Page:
A photographic panel created by the artist, designer, and visual theorist György Kepes (1906–2001) depicts a fractal-like burst of electricity exploding across the picture plane. The fantastical image is otherworldly, even supernatural. Kepes discovered the pattern—called a Lichtenberg figure after the eighteenth-century scientist who first created such images—in the laboratory of physicist Arthur R. von Hippel at the Massachusetts Institute of Technology (MIT). Von Hippel originally produced it as part of his research on electrical insulators, a field of study supported by the US government for its applications in military technologies. Through
My dissertation explores this and many other encounters between art and science during the Cold War by examining Kepes’s unusual interdisciplinary projects, including his photographs, paintings, drawings, exhibitions, books, writings, lectures, and the research institute he established at MIT, the Center for Advanced Visual Studies. Faced with a crisis of confidence in the contemporary relevance of the arts, Kepes cultivated collaborations with the sciences at Chicago’s New Bauhaus and especially at MIT, where he taught from 1946 until his retirement in 1974. I consider questions that defined Kepes’s career in the United States but are no less relevant today: Can the “two cultures”—art and science—actually work together for a common purpose? Or are they fundamentally incompatible, condemned to mutual skepticism of their respective motivations and methodologies? What is the purpose of art in a world dominated by science and technology?
In considering these issues, I build on but also depart from previous Kepes scholarship, which typically revolves around the theme of instrumentality: the ways in which his project became part of a burgeoning military-industrial-aesthetic complex that emerged in the United States at midcentury. Scholars have described Kepes’s ambition as a reactionary glorification of the imagery and ideology of science. While I do not ignore the regressive associations of his work, I also consider its progressive potential and provide a more nuanced, if conflicted, account of his contradictory practice.
My study uses new archival evidence to put forth two major arguments. I demonstrate how Kepes developed a hitherto unrecognized paradigm for aesthetic practice in a scientific context: what I call the “artist under technocracy.” This figure operated within rather than against a scientific institution; seeking refuge, he retreated from the art studio to the research laboratory. But I argue that the artist under technocracy is not entirely compromised by or fully complicit in the militaristic logic that governs his new setting. I examine how Kepes instead navigated the Cold War establishment through the artful infiltration of its protocols, manipulation of its tools, and appropriation of its discourses. Kepes uniquely embodies the complicated negotiations required for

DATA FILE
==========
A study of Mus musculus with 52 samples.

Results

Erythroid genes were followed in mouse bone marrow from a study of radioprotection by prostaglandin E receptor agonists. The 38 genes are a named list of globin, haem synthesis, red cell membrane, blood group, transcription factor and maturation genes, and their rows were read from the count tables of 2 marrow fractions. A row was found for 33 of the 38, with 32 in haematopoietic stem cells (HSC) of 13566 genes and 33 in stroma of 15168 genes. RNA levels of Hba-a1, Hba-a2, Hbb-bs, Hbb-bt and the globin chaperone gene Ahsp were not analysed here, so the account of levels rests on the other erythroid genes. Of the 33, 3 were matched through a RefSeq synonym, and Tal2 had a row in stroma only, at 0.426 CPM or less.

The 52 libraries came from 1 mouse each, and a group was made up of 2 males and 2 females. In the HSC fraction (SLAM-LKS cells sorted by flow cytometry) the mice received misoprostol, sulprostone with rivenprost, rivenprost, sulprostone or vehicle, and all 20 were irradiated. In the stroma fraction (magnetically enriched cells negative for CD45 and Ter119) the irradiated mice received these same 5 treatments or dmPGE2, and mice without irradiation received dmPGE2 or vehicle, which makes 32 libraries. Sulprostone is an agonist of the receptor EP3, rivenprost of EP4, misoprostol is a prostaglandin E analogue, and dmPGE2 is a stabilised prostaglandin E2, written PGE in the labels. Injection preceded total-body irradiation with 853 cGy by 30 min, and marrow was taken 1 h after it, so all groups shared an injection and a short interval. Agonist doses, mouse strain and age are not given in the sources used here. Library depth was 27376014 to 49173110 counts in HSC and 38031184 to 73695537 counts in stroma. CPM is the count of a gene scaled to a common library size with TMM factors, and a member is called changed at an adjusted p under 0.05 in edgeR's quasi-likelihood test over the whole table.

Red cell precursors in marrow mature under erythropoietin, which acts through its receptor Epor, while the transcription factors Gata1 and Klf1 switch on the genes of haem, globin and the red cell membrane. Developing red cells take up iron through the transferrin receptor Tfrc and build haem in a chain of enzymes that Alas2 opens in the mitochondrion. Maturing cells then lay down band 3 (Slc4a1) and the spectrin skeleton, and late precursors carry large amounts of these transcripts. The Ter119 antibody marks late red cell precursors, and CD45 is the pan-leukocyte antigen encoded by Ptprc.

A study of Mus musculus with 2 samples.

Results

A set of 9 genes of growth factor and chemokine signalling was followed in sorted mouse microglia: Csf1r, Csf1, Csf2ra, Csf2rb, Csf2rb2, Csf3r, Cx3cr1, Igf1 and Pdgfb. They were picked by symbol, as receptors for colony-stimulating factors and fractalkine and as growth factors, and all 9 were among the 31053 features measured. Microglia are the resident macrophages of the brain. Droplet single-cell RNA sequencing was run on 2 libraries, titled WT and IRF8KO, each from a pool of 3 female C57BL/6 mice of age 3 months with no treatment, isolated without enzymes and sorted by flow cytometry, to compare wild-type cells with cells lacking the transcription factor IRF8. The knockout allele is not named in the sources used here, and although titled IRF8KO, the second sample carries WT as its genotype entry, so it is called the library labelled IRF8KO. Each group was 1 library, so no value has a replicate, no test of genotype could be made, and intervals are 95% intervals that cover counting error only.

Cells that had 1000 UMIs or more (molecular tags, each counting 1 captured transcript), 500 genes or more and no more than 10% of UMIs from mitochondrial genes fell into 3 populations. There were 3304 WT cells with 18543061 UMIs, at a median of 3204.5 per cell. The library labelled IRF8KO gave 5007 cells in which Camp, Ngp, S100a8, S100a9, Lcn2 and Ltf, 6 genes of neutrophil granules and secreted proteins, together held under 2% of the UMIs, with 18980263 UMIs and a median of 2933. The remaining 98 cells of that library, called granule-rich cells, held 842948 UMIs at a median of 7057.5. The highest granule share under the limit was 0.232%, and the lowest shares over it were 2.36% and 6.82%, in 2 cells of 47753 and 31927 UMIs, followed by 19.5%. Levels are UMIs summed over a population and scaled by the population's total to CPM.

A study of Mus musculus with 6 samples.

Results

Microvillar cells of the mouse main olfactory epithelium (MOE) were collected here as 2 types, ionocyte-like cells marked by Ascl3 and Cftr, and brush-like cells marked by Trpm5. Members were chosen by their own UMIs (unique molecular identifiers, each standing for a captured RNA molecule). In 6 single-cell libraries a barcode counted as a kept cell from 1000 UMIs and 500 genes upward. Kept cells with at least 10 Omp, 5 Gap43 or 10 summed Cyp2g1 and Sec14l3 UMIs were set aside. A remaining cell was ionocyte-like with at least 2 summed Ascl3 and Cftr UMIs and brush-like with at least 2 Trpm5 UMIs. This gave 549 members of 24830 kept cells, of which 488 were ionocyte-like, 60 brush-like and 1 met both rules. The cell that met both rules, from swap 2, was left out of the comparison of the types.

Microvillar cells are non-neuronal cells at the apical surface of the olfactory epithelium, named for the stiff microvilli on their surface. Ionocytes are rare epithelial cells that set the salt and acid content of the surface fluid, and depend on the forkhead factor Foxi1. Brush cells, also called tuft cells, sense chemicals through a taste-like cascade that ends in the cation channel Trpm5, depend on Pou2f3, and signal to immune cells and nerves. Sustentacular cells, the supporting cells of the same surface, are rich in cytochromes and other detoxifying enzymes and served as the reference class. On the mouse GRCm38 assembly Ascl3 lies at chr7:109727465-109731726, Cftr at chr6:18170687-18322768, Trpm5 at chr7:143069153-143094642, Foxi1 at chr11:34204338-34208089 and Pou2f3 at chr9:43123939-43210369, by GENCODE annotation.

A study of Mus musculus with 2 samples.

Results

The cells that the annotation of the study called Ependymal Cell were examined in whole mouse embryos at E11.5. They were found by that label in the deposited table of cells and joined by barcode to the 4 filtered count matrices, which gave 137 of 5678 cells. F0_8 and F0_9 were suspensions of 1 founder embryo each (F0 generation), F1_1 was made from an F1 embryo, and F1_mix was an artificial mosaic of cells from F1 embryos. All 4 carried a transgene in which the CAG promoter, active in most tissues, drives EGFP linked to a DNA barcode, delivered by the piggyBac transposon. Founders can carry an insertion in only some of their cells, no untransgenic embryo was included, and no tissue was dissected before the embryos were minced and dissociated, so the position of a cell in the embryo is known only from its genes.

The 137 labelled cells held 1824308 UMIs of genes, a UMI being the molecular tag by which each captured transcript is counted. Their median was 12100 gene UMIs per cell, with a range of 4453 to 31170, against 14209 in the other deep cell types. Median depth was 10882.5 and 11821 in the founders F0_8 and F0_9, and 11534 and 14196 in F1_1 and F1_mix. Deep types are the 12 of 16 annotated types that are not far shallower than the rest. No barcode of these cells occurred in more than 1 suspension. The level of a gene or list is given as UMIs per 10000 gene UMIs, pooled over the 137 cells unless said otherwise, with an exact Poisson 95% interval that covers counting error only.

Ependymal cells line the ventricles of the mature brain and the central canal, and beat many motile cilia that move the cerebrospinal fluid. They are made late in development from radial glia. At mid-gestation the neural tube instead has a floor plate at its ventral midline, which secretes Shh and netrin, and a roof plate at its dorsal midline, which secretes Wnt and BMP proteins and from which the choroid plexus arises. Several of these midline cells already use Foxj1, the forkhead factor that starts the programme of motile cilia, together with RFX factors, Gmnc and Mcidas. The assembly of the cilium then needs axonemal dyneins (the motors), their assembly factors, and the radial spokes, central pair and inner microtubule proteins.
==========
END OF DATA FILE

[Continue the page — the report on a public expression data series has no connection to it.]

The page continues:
Moreover, I situate Kepes as the major artistic figure within a startling constellation of technical experts engaged in sophisticated weapons research. This milieu was on the vanguard of advanced science, but also, in a way, advanced art. A surprising array of specialists thus became very real if entirely improbable partners in Kepes’s projects; these included the metallurgist who prepared plutonium for the first atomic bomb, the engineer who made one of the earliest digital computers for the US
I track these two themes across four chronological chapters. I examine Kepes’s study of camouflage during World War II; his development of visual design at MIT in the 1950s; his work in the 1960s on an unfinished and unpublished magnum opus he called “The Light Book”; and the center he founded at MIT in 1967. Through Kepes, my study ultimately provides a genealogy for contemporary phenomena that cross disciplines and that are commonplace in both the academy and the art world today, such as the study of visual culture and the use of new media.